As Christians fight battles on several fronts – not only with Covid, but from increasing attempts to shut down their voice – courage is the great need of the hour.
There can surely be few better examples of this than evangelist Hatun Tash, silenced by police at Speakers’ Corner earlier this month. She has been regularly engaged in hot debate with Muslims over the inconsistencies of the Qur’an. But things had apparently got to such a pitch that police escorted her away from the iconic Hyde Park venue – ostensibly for her own safety, but effectively (by forbidding criticism of Islam) imposing Sharia Law on a piece of England that, since 1872, has been a bastion of free speech.
Tim Dieppe, spokesman for campaigning group Christian Concern, explained: “They acted to protect Islam from criticism…It should have been those making threats who were removed, not Hatun. The result was that a Christian preacher was silenced by police in the home of free speech.”
Hatun has been warned that she will be arrested if she returns. Whatever choice she makes, she will be aware of God’s word to Joshua as he was about to lead the Israelites into the Promised Land: “Be strong and courageous. Do not be afraid; do not be discouraged, for the Lord your God will be with you wherever you go.” (Joshua 1.9)
This is especially appropriate as we celebrate the annual Feast of Tabernacles, recalling the wonder of God’s provision and presence in the Wilderness, now fulfilled in the Jewish Messiah, who promised his disciples he would be with them till the end of the age. (Matt 28:20)
Talking of courage, among those who helped the Jews during the Holocaust was a remarkable, and most unconventional, nun known as Mother Maria, who ran a home for the destitute in Paris to which she had previously fled from revolutionary Russia.
Twice married and twice divorced, this beer-drinking nun dedicated her life to being a ‘mother’ to everyone after losing her only daughter to meningitis. When the Nazis took over the French capital, Maria and her son Yuri, along with a priest called Father Dimitri, focused their efforts on rescuing Jews. When Adolf Eichmann ordered all Jews to wear a yellow star, she challenged: “If we were true Christians, we would all wear the star.” And of a visiting pastor in sympathy with a movement to purge the gospels of non-Aryan themes, she demanded: “How can you be a Christian and a Nazi?”
When a Gestapo officer taunted her 80-year-old mother Sophia for bringing her up to help Jews, the old lady responded, “My daughter is a real Christian…For her there is neither Greek nor Jew.” (Gal 3:28) And when the same officer hit Father Dimitri across the face for daring to speak of helping Jews as a Christian duty, the priest raised his pectoral cross and asked the Nazi, “This Jew here; do you know him?”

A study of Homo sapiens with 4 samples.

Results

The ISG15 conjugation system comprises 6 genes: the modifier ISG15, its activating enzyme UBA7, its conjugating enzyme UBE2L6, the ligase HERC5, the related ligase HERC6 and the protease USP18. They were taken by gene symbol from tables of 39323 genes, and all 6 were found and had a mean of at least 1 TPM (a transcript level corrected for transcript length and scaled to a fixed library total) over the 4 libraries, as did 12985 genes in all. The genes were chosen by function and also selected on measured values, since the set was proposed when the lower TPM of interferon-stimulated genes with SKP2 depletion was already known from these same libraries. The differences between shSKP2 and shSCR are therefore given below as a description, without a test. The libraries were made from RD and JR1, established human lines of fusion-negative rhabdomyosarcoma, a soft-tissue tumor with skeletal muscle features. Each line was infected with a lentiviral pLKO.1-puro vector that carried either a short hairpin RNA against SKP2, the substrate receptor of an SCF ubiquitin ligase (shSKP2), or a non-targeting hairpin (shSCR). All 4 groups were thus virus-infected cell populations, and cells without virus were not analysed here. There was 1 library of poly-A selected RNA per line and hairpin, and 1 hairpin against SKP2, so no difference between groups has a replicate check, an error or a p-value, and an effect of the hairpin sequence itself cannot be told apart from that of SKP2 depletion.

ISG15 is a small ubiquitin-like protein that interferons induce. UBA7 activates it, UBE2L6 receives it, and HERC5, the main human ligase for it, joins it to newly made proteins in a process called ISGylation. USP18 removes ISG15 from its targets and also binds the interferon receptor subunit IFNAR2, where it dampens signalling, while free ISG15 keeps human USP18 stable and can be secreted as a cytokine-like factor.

This time he was knocked to the floor. Later, while facing further taunts, the priest comforted the young Yuri, saying that Christ withstood greater mockery. Both perished at Buchenwald concentration camp.
Mother Maria was moved to Ravensbruck where, after displaying extraordinary strength of character in comforting young women with her ever-cheerful disposition, the appalling conditions eventually took her life just weeks before liberation. Could the Germans be forgiven for all this?
Well, there is an essential aspect of courage often portrayed by Christians who have suffered at the hands of others – and that is the power to forgive.
Dutch Christian Corrie ten Boom somehow survived Ravensbruck, which tragically took the life of her beloved sister Betsie. And when, just two years later in 1947, she spoke of forgiveness to a church in Munich, one of the guards who had mistreated them so terribly asked for her forgiveness. He had become a Christian and knew his sins were forgiven, but wanted to hear it from her, personally.
This took great courage. It was the hardest thing she had ever had to do. But she knew that without forgiveness, we simply can’t move on – either in this world, or to the next.
“For I had to do it – I knew that,” she said back in November 1972. “The message that God forgives has a prior condition: that we forgive those who have injured us. ‘If you do not forgive men their trespasses,’ Jesus says, ‘neither will your Father in heaven forgive your trespasses.’ (Matt 6:15)”
I conclude with the testimony of Louis Zamperini, an Olympic athlete who, having survived 47 days at sea after crashing his plane in World War II, was tortured by the Japanese. At home in America, he was given up for dead, but he eventually returned to a hero’s welcome.
However, he suffered terribly from PTSD (post-traumatic stress disorder) with recurring nightmares of his torture for which he planned to take revenge. His wife was about to divorce him as he was becoming so difficult to live with. But, in 1949, she persuaded him to hear evangelist Billy Graham in Los Angeles where he gave his life to Jesus, finally acting on a promise he made when his life was threatened at sea that, if God saved him, he would serve him.
Louis was totally transformed as, with melted heart, he eventually travelled to Tokyo to meet his former captors – not to exact vengeance, but to embrace and forgive them, just as Jesus had forgiven him.
I believe we Christians are entering a period of greatly increased pressure, which will demand matching courage along with the readiness to forgive our persecutors. We need to be clothed with the full armour of God, “for our struggle is not against flesh and blood, but against the rulers, against the authorities, against the powers of this dark world and against the spiritual forces of evil in the heavenly realms.” (Eph 6:12)
Charles Gardner is author of Israel the Chosen, available from Amazon; Peace in Jerusalem, available from olivepresspublisher.com; A Nation Reborn, available from Christian Publications International; and King of the Jews, also available from Christian Publications International.